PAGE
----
Scotland's only all-women jail should be demolished as part of efforts to reduce reoffending and improve conditions, former Lord Advocate Dame Elish Angiolini QC argued on Tuesday.
She said Cornton Vale prison, near Stirling, should be replaced with a smaller specialist prison for long-term and high-risk prisoners plus regional units to hold short-term and remand prisoners.
Dame Elish made the comments as she published the findings of the independent Commission on Women Offenders - an eight-month review on women in Scotland's criminal justice system.
A report by Chief Inspector of Prisons for Scotland Hugh Monro last year uncovered overcrowding conditions and poor treatment of inmates, many of whom have mental health or substance abuse problems
Cornton Vale's population has surged from around 200 in 1999 to more than 309, with another 132 female prisoners held in units at Edinburgh, Aberdeen, Inverness and Greenock prisons.
Research published last year found the number of crimes committed by women had not changed over the same period.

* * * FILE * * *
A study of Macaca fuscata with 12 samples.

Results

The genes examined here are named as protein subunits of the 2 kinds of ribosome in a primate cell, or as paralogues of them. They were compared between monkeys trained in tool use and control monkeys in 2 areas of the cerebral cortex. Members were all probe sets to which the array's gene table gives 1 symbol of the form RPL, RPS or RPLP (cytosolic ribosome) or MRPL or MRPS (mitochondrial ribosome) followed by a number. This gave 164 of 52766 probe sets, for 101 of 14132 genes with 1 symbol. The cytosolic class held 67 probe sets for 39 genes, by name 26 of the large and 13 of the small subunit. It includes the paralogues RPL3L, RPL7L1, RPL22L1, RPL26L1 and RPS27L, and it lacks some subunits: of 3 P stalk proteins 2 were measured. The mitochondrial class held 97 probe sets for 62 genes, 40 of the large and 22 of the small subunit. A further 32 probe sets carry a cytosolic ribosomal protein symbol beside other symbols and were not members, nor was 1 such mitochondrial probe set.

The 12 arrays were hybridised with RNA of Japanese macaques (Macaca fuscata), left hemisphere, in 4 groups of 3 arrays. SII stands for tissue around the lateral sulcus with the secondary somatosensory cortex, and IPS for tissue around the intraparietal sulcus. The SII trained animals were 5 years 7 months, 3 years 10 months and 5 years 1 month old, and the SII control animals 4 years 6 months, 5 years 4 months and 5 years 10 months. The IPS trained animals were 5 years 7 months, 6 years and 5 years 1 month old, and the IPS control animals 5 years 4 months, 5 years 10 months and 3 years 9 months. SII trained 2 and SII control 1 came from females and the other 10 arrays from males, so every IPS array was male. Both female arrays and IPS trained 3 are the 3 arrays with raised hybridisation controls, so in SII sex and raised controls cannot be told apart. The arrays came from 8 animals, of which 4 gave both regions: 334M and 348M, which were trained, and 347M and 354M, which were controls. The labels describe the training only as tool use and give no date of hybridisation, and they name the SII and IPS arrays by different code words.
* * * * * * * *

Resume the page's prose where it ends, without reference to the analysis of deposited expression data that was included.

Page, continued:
Today's report made 37 recommendations, including handing judges the power to impose combined custodial and community sentences and suspended sentences.
Dame Elish said: "We no longer can ignore the significant cost to society of locking up women, the majority of whom have committed offences while suffering from addiction, trauma or mental health problems.
"We need to get better at tackling the root cause of their problems in the community," she said.
She stressed that the report focused on practical measures that could be achieved during this Parliament to reduce reoffending.
Welcoming the report, Mr Monro said: "At last I feel hopeful that conditions for female prisoners can be improved and I urge speedy and determined implementation of the recommendations."
Prisoner Officers Association assistant general secretary in Scotland Andy Hogg said the report had recognised the challenges staff face in dealing with overcrowding conditions.
"Prisons are chock-a-block with people who do not need to be there, which prevents staff from carrying out vital rehabilitation work," Mr Hogg said.
Justice Secretary Kenny MacAskill admitted that the Scottish government must find "better and more cost-effective" ways of dealing with female offenders, most of whom are locked up for low-level crimes.